Marquette’s Jimmy Butler whom Bulls drafted with 30th pick might provide some immediate help.  |  Morry Gash~AP

Marquette’s Jimmy Butler, whom the Bulls drafted with the 30th pick, might provide some immediate help. | Morry Gash~AP




It was a night of blindsides by the Bulls.

The first one came when they acquired a 6-10 Montenegran who likely won’t be seen in an NBA uniform over the next three years. The second came with the drafting of Marquette guard/forward Jimmy Butler, who could easily provide the Hollywood script if there’s ever a need to make ‘‘The Blind Side II.’’

There was a method to the Bulls’ madness by The Gar Forman Gang, as one move was made with Bulls killer LeBron James in mind, the other to someday get Carlos Boozer off their minds if he repeats his 2011 postseason performance.

Despite daylong rumors of the Bulls doing something big leading up to Thursday night’s NBA draft, sexy got up and left the war room when it was reported the Bulls traded picks No. 28 in the first round and No.  43 in the second round to the Timberwolves for the draft rights to 6-10 forward Nikola Mirotic.

He’s a nice player for the five people who have actually seen him play for Real Madrid, but also a player with a messy contract that only the Cubs could love.

Mirotic is tied into his European deal for at least two, possibly three, more seasons, and could add to the frontline when Boozer is chased out of town by angry villagers wielding torches.

The instant return the Bulls are hoping for came at pick No.  30 with the 6-7 Butler, who admittedly is a defense-first-, second- and third-minded player.

‘‘My biggest thing is defense,’’ Butler said. ‘‘I’m a pest.’’

Asked if Butler was brought in to slow down the Miami Heat’s James — a mission that was obviously too dangerous for the Bulls in the Eastern Conference finals — Forman admitted that was the mind-set.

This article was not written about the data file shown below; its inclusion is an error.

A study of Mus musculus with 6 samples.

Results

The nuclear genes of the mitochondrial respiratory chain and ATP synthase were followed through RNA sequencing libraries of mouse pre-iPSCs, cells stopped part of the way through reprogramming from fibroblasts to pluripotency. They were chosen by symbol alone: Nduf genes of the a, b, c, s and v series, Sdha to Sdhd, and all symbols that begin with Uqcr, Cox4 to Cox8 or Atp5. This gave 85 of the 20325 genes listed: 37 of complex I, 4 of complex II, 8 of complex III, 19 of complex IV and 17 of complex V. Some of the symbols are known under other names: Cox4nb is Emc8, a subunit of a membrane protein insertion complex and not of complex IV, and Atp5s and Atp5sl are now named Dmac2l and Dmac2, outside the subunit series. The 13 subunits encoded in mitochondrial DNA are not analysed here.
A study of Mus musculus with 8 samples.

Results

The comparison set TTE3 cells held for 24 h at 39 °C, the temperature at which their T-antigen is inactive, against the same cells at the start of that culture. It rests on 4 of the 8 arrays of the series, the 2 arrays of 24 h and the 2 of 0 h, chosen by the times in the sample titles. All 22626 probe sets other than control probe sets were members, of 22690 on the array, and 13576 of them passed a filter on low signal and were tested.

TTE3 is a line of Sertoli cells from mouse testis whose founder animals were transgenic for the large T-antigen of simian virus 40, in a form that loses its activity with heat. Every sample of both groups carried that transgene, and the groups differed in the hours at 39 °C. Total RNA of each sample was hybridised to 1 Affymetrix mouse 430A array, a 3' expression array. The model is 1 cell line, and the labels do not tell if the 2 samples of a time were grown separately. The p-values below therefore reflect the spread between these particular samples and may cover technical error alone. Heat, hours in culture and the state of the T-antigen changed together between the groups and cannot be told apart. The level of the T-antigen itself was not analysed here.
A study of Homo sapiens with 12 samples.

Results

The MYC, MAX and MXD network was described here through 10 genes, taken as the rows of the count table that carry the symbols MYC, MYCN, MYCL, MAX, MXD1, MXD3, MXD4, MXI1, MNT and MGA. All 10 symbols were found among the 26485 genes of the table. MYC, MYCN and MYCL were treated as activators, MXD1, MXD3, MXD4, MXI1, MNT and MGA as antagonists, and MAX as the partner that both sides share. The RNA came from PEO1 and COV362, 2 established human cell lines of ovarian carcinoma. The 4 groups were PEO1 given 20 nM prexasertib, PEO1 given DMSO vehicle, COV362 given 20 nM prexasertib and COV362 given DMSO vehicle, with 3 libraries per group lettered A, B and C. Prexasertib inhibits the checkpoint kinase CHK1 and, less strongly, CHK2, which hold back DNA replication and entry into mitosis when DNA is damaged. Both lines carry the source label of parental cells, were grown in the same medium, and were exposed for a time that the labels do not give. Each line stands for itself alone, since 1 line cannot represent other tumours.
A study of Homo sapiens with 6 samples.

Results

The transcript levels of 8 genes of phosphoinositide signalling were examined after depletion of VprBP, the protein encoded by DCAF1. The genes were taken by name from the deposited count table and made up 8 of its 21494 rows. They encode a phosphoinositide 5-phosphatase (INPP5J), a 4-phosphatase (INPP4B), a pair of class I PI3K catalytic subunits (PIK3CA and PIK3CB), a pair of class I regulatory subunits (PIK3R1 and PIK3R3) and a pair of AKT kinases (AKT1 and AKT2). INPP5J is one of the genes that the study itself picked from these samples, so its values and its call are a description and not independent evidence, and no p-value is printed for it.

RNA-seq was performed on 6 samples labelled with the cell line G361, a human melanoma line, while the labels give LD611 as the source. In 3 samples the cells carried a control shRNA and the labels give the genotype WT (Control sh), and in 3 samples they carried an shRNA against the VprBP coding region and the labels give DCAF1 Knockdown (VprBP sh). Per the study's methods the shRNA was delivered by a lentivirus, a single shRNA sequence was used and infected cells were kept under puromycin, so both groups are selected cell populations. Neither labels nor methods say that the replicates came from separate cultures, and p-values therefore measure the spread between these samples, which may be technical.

‘‘It was discussed as we went through the process,’’ Forman said. ‘‘And that’s not to put pressure on him that we’re just going to throw him on LeBron. The thing we’re so excited about Jimmy is his versatility.’’

More impressive than Butler’s versatility is his story. Kicked out of his house at age 13 and homeless, Butler soon became friends with a kid named Jordan Leslie. Leslie’s mother, Michelle Lambert, gave him a home and eventually made him a part of the family. Think the Michael Oher story, which was turned into the hit movie, ‘‘The Blind Side.’’

‘‘I never had anything,’’ Butler said in his first teleconference with Chicago media. ‘‘[My childhood] made me tough, made me understand how to treat people.’’

Butler said that he tried to keep his background a secret, but it came out through the draft process. Now, it’s part of his young legacy, already more impressive than anything he could ever do on the court.

Forman was well-versed in Butler’s story and thought it built a character who’s a perfect fit.

‘‘Each time we [met with him], he blew us away,’’ Forman said.

So why do Bulls fans feel so unsatisfied today?

Because in a draft with little talent, the Bulls put their toes in the water, making sure not to make a big splash. Not yet, at least.

Mirotic was selected so that they didn’t have to pay anyone for now and could gamble he develops. Butler is another defensive chess piece for mad scientist Tom Thibodeau. Now, they have to pay only one rookie and can look for a veteran shooter such as Rip Hamilton or Jason Richardson, depending on what comes out of the pending collective bargaining agreement.

It was good business.

Even if almost no one saw it coming.